Adventures in Solo DevRel Notes
by Taylor Barnett
[This blog post is still a work in progress.]
A couple of weeks ago I presented a talk about doing Developer Relations solo (with no other Developer Relations focused team members or leadership) for the Flyless Weekly call. I wanted to share some of the slides from that talk. I have excluded some of them for various reasons (privacy, too spicy without deeper context, relevancy, etc.).
I wanted to focus the talk on tools that increase the success of this work, so that is what the majority of the following slides will cover.
Often one of the greatest challenges in DevRel is prioritization. At any given moment, you could be doing like a dozen different things that somehow work towards your goals. Add in doing this by yourself and it becomes hard mode. It isn't for the inexperienced.
I think a lot of people think that you find yourself in this position because a company only hired one person for the role. While this can be true, there's a lot of other ways it can happen that you need to be aware of. Just because you joined a team doesn't mean it can't happen. I'm going to skip the next slide that describes how I've found myself in that position, but I am always happy to talk it through with anyone and talk about the common red flags that I have seen. It often comes down more to overall business goals for early stage companies and not the Developer Relations practice itself.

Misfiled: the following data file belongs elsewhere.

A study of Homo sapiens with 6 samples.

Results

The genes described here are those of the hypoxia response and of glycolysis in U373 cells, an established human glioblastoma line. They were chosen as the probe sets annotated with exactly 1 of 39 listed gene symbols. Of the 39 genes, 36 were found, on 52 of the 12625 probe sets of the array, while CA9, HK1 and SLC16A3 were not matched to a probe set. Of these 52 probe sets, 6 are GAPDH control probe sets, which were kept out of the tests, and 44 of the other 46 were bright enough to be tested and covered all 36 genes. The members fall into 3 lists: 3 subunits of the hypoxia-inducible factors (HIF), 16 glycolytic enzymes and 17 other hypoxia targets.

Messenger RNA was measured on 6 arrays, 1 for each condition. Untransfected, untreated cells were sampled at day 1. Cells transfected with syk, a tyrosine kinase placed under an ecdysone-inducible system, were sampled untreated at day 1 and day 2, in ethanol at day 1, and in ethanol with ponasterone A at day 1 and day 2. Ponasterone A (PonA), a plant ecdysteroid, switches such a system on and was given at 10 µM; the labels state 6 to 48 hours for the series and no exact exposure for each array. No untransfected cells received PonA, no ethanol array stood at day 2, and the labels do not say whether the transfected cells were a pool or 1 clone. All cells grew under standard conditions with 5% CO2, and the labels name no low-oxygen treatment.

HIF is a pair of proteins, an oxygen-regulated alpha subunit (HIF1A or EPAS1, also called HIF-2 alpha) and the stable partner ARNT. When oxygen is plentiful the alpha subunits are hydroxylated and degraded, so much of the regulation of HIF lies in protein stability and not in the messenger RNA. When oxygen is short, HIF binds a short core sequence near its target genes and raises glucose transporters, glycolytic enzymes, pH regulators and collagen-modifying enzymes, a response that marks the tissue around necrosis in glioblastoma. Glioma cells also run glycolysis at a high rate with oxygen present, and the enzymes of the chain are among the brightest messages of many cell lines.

Often the work you will do depends on overall company goals and your potential impact. As the business grows and Developer Relations grows, you will establish more team wide goals, but even those will depend on company goals in order to be successful.
I think one of the things that grinds my gears the most is when someone at an early stage company has a very narrow view of what DevRel is. Maybe it is because I believe that startups are a team sport, but sometimes you have to be a little flexible in what you are willing to do. Of course question activities that you don't think will have impact, but sometimes you have to look creatively at how some activities can actually benefit DevRel and yourself. For example, certain marketing activities can help you work on testing out and exploring the language you might want to use with developer audiences. I've helped write everything from email to product page copy. It has not only helped develop my own voice around the product, but it made sure the language that we are using is genuine and speaks to our audience. Do I want to get pulled deep in the marketing world? Of course not, but I look for opportunities where we can help each other.